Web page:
Ofer - Traffic
Translation: Marganit W.
About thirty people were waiting in the outer court for the guard to issue entry permits. They were heading for the Traffic Court. Our colleague Haya Ofek has written about the shenanigans taking place in that court in her report entitled "Guide to the Perplexed". We, too, were heading that way.
We found the usual collection of traffic violations: driving without a license, failure to stop at a stop sign, ignoring a dividing line etc. If you know nothing about the social and political background of the violators and the violations, everything may look routine. Only later do things get clearer.
Two police officers pleaded for the prosecution: the veteran Gaby Romy and a
young lawyer who told me she is a rooky and still learning the ropes.
This is how it went:
A trial was in progress before a judge (f.) whose name we don't know. The prosecutor read from a list the name of one of the traffic violators who was in court. He approached her, and right there, before he had a chance to talk to the judge, or to plead his case, the prosecutor offered him a prepared plea bargain, explaining the risks, i.e., the severe sentence he would get if he did not accept the bargain. Most defendants accept; it turned out that most have already paid a large part of the fine included in the plea bargain, when they received the citation.
One defendant, a contractor who often works in Israel, was coming home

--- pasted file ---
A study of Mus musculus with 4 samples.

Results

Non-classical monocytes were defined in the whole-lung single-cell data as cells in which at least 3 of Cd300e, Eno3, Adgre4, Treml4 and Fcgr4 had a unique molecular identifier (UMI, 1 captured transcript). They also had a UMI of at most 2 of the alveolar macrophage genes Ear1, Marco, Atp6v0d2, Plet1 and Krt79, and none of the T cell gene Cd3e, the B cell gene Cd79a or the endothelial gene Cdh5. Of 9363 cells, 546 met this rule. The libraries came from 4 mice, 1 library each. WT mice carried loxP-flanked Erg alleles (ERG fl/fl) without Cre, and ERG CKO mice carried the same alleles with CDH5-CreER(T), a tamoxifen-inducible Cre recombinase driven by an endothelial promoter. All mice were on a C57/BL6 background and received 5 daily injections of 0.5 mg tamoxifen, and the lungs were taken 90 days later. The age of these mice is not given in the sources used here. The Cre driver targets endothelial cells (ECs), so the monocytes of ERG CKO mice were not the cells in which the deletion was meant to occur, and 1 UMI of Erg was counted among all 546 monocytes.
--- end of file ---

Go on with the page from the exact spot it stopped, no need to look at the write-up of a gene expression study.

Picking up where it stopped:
from a funeral with his wife and 5 children at 11 PM, driving on a dark road from Ephrat to Rt. 60. An officer stopped him claiming he had crossed a white dividing line. The man denied the allegation, claiming it was not his vehicle; the place was totally dark so the officer could not possibly identify his car from many other similar vehicles. His wife also testified. We were convinced. The judge, however had to decide between the word of a policeman and the word of a Palestinian civilian. No surprises. She believed the policeman. The contractor was fined 1500 shekels (a 1000 of which he had already paid when detained) and his license was suspended for a month.
During the policeman's testimony we discovered something interesting: he said he knew that road very well because he and other policemen had taken part in building that road. It turns out that Israeli police officers receive special permits to work in road construction and other projects of the Civil Administration, while they are o vacation, as a way of generating some extra income. Can anyone of our educated readers check the legality of this practice?
We wrote down the penalties and fines received by traffic violators during the hour and a half we sat in the court:
-For driving without a license and without insurance - 3000 shekels and suspended sentence of 4 months for 3 years.
-For driving without a license - 3000 shekels [the defendant asked to prorate the fine].
-Ignoring a stop sign - 1500 shekels.
-In addition: one fine of 3000 shekels, 5 fines of 1500 each and one 1000 shekel fine.
In order to verify our impression that this procedure is a cash cow for the benefit of the Israeli police, we went to the Traffic Court at Giva-Shaul to watch the trials that take place there. For unrelated reasons, we were able to watch very little, but we gained a couple of insights:
A. All the defendants there were Arabs, so we could not determine if there was bias based on nationality.
B. There was nothing resembling a plea bargain, which is common in the military courts.
C. The judge seemed pleasant and fair.